Olde Tyme Arts and Crafts

Historical Craft Kits~Art~Handmade Crafts~Books

 

Rug Making
      The use of  rugs as floor coverings dates back farther than recorded history.  Animal skins were first used, and later, coarse fabrics of a plain weave.   In colonial homes only the wealthy could afford tapestry rugs.  These were too precious to walk on and were displayed as wall hangings.  Because of the time and money invested in weaving  fabric was reused for making rag rugs and braided rugs.  Rag rugs were made from continuous strips of wool, cotton or linen cloth sewn together.  Gradual improvements in weaving, along with the introduction of traditional designs from immigrants through the years, has developed into modern floor coverings.

    

     Our tool is designed for cloth knotting to make traditional rag rugs.  The exciting idea about working with fabrics are the beautiful colors and prints.  Most are inexpensive and easily available.  Even recycled or unused fabric items can find a new purpose as creative art projects.

     Knots are made using the rag rug needle to design items in either  oval, round,  rectangle or square shapes.  Just a few suggestions would be bowls, baskets, place mats, pot holders and free-form works of art.  Other usable materials  are rope, rug yarn and raffia. The possibilities for creating your own project ideas are limitless.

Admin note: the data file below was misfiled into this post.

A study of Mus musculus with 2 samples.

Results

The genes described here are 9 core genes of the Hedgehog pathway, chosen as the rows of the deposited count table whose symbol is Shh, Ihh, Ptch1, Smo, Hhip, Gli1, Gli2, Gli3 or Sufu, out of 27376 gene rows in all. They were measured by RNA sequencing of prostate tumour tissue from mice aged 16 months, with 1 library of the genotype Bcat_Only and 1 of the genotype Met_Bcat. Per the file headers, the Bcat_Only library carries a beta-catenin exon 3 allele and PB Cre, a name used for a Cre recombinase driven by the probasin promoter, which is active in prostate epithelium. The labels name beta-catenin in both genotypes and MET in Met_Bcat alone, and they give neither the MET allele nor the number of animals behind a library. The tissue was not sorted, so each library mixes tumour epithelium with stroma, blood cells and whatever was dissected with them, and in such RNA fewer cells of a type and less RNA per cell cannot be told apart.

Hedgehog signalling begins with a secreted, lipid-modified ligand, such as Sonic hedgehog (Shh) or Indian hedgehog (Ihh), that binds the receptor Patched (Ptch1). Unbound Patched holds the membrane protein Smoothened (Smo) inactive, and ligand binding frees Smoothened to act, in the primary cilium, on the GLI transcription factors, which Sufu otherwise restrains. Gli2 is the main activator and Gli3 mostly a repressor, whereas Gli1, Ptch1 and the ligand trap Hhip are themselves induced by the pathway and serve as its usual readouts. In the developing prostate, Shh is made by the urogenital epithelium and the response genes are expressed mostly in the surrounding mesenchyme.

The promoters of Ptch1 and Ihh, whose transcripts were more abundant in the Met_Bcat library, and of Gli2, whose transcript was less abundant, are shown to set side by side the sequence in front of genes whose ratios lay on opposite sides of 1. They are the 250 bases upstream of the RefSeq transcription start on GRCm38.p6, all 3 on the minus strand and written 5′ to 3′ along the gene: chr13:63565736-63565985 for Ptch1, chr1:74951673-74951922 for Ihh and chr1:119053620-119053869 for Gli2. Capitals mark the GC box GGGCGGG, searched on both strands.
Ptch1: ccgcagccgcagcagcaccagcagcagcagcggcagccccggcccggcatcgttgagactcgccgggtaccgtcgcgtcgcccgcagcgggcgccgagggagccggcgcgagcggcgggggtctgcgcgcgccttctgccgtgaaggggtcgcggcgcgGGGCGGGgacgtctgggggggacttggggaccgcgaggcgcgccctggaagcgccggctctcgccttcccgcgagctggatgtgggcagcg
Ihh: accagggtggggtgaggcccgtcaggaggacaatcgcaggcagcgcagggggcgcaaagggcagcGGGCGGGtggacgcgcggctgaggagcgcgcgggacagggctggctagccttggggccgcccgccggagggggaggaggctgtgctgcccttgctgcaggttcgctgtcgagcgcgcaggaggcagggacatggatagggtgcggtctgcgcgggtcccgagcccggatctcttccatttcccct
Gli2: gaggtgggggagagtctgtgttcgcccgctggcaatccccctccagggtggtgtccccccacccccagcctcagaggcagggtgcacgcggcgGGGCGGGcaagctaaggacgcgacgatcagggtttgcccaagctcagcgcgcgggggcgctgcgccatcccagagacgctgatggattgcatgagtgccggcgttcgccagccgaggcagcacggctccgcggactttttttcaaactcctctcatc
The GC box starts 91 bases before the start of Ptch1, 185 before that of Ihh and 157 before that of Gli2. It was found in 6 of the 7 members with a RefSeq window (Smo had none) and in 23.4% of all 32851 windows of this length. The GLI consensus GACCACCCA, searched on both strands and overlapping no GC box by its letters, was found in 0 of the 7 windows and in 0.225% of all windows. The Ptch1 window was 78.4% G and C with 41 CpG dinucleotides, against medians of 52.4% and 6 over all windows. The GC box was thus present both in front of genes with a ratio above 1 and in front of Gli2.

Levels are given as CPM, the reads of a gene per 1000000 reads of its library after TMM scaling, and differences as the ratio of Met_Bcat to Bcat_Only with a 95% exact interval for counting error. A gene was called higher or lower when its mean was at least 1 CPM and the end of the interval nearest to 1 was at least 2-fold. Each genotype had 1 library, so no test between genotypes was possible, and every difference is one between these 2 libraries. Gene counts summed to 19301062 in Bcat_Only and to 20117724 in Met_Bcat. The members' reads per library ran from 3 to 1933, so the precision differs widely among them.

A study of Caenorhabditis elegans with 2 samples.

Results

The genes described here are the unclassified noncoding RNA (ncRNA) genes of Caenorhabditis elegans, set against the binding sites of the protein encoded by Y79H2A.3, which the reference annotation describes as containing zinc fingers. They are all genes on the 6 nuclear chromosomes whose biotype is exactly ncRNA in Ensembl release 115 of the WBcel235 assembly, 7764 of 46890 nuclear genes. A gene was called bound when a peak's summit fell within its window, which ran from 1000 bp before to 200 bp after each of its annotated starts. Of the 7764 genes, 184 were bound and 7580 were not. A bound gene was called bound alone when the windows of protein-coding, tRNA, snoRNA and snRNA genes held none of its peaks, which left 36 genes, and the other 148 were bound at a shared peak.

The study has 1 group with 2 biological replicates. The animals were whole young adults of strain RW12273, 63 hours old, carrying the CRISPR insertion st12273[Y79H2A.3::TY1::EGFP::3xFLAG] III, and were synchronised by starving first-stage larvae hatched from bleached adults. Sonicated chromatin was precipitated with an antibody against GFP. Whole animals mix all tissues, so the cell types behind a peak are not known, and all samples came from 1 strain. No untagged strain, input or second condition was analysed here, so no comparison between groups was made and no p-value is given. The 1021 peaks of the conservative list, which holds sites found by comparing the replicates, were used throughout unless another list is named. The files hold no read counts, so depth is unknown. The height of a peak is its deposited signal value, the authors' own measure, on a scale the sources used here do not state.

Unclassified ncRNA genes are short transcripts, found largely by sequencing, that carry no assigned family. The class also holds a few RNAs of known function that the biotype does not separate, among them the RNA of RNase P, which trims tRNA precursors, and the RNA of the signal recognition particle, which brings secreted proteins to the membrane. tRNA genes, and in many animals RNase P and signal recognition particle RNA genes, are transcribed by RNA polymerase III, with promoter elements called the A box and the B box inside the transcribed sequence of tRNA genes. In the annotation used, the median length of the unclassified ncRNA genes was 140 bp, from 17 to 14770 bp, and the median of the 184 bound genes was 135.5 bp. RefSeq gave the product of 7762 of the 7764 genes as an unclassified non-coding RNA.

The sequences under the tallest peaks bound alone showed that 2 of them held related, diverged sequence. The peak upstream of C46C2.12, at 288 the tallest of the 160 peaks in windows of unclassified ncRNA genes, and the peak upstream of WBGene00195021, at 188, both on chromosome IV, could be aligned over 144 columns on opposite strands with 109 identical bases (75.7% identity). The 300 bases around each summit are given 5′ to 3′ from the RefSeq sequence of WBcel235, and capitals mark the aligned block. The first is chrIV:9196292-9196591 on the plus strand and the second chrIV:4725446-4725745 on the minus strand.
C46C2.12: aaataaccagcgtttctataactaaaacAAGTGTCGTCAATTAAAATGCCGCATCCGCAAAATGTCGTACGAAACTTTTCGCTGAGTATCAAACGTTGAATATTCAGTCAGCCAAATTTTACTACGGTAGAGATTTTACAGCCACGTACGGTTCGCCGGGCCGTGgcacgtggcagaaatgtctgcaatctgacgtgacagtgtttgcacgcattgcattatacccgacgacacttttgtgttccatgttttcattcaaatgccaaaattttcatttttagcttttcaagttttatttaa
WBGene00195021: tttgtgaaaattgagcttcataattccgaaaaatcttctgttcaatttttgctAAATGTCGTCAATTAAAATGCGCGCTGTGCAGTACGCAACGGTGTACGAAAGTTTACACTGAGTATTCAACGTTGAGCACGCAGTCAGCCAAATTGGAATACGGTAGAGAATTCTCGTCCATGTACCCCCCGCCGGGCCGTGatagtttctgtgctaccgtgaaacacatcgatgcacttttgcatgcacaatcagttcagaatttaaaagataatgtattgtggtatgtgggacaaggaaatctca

Included in the kit are directions, 2 bundles of pre-torn fabric strips, a handmade wooden needle, digital illustrations for a no-sew technique to join strips together and digital illustrations for constructing a rug.                  









Neolithic period of Eastern Europe about 5000 years ago.

 
Information on the primitive wooden toothbrush:

Click on image to view Vicksburg's National Memorial Park exibit and an article from the Smithsonian Magazine.


Chinatown Dig Deadwood, SD

The site of the property the archaeological dig is occurring on is across the street from the 2001-2004 archaeological investigation that uncovered over 250,000 artifacts from 1876 to the 1950s that helped Deadwood and the state better understand the impacts, significance, and day-to-day life of Chinatown and that area.  Items typically found are chinaware, glassware, metals, and carbon feature items.